Application Verifier combined with Debugging Tools for Windows is an amazing setup. You can get both as a part of the Windows Driver Kit or the lighter Windows SDK. (Found out about Application Verifier when researching an earlier question about a heap corruption issue.) I've used BoundsChecker and Insure++ (mentioned in other answers) in the past too, although I was surprised how much functionality was in Application Verifier.
Electric Fence (aka "efence"), dmalloc, valgrind, and so forth are all worth mentioning, but most of these are much easier to get running under *nix than Windows. Valgrind is ridiculously flexible: I've debugged large server software with many heap issues using it.
When all else fails, you can provide your own global operator new/delete and malloc/calloc/realloc overloads -- how to do so will vary a bit depending on compiler and platform -- and this will be a bit of an investment -- but it may pay off over the long run. The desirable feature list should look familiar from dmalloc and electricfence, and the surprisingly excellent book Writing Solid Code:
- sentry values: allow a little more space before and after each alloc, respecting maximum alignment requirement; fill with magic numbers (helps catch buffer overflows and underflows, and the occasional "wild" pointer)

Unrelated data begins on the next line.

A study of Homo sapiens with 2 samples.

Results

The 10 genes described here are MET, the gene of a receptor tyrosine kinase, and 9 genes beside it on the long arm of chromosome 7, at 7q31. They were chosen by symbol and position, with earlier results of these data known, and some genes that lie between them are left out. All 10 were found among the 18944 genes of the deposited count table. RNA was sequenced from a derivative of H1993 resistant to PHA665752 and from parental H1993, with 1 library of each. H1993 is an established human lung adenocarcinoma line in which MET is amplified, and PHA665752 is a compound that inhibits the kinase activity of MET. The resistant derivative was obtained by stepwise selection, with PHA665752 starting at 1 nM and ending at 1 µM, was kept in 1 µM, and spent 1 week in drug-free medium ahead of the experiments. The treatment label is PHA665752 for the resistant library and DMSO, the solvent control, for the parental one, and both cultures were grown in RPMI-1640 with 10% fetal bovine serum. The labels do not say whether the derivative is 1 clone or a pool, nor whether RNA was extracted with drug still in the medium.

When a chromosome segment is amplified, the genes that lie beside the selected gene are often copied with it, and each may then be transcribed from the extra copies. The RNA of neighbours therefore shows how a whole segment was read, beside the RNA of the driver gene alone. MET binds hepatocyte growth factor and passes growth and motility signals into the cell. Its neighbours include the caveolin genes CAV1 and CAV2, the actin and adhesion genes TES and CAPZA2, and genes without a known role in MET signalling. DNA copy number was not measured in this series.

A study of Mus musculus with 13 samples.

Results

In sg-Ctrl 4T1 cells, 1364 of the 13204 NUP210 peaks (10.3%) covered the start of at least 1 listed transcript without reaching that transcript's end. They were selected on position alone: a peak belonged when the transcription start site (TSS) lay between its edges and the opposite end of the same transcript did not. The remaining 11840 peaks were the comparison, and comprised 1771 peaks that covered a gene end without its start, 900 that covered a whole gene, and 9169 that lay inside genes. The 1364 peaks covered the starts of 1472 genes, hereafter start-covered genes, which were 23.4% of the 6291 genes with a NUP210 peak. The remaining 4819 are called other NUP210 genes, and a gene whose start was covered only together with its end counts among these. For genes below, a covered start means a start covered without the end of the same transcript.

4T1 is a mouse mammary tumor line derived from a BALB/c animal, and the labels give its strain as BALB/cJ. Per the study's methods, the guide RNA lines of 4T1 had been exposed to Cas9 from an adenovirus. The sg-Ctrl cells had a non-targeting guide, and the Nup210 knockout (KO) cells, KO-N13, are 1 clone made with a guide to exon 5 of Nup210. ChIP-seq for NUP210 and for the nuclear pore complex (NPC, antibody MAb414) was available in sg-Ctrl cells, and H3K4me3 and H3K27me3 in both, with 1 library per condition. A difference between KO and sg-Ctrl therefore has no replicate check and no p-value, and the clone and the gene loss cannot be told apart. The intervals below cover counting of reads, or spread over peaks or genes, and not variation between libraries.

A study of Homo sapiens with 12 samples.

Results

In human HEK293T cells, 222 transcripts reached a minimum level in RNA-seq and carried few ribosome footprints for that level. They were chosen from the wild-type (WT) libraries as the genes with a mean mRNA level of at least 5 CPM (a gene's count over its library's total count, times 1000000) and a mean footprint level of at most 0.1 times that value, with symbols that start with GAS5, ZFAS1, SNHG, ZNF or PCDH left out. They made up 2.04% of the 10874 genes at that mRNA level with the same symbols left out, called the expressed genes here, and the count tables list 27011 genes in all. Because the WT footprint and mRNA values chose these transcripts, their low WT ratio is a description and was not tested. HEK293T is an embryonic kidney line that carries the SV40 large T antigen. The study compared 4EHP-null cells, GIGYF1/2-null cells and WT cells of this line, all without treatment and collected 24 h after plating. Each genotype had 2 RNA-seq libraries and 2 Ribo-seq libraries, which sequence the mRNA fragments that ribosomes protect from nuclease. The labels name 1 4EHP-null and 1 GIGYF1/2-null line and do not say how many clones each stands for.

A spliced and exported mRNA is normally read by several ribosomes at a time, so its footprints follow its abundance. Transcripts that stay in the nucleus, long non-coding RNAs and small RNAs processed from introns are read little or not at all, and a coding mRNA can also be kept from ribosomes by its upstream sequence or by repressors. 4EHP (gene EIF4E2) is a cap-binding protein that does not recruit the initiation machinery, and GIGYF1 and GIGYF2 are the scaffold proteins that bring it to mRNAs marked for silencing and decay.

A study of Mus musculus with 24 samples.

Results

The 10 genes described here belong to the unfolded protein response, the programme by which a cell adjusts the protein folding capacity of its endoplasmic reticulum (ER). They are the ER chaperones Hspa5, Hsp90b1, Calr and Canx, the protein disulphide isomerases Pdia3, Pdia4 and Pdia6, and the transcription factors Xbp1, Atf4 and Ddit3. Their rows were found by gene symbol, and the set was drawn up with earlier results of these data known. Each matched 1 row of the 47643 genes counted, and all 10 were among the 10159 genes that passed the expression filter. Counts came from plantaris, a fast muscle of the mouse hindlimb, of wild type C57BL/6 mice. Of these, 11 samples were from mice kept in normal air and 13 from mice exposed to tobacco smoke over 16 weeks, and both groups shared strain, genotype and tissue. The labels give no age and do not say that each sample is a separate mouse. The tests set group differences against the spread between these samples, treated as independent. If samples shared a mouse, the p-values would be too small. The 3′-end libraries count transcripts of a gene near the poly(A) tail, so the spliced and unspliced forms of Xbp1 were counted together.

- alloc fill: fill new allocations with a magic non-0 value -- Visual C++ will already do this for you in Debug builds (helps catch use of uninitialized vars)
- free fill: fill in freed memory with a magic non-0 value, designed to trigger a segfault if it's dereferenced in most cases (helps catch dangling pointers)
- delayed free: don't return freed memory to the heap for a while, keep it free filled but not available (helps catch more dangling pointers, catches proximate double-frees)
- tracking: being able to record where an allocation was made can sometimes be useful
Note that in our local homebrew system (for an embedded target) we keep the tracking separate from most of the other stuff, because the run-time overhead is much higher.
If you're interested in more reasons to overload these allocation functions/operators, take a look at my answer to "Any reason to overload global operator new and delete?"; shameless self-promotion aside, it lists other techniques that are helpful in tracking heap corruption errors, as well as other applicable tools.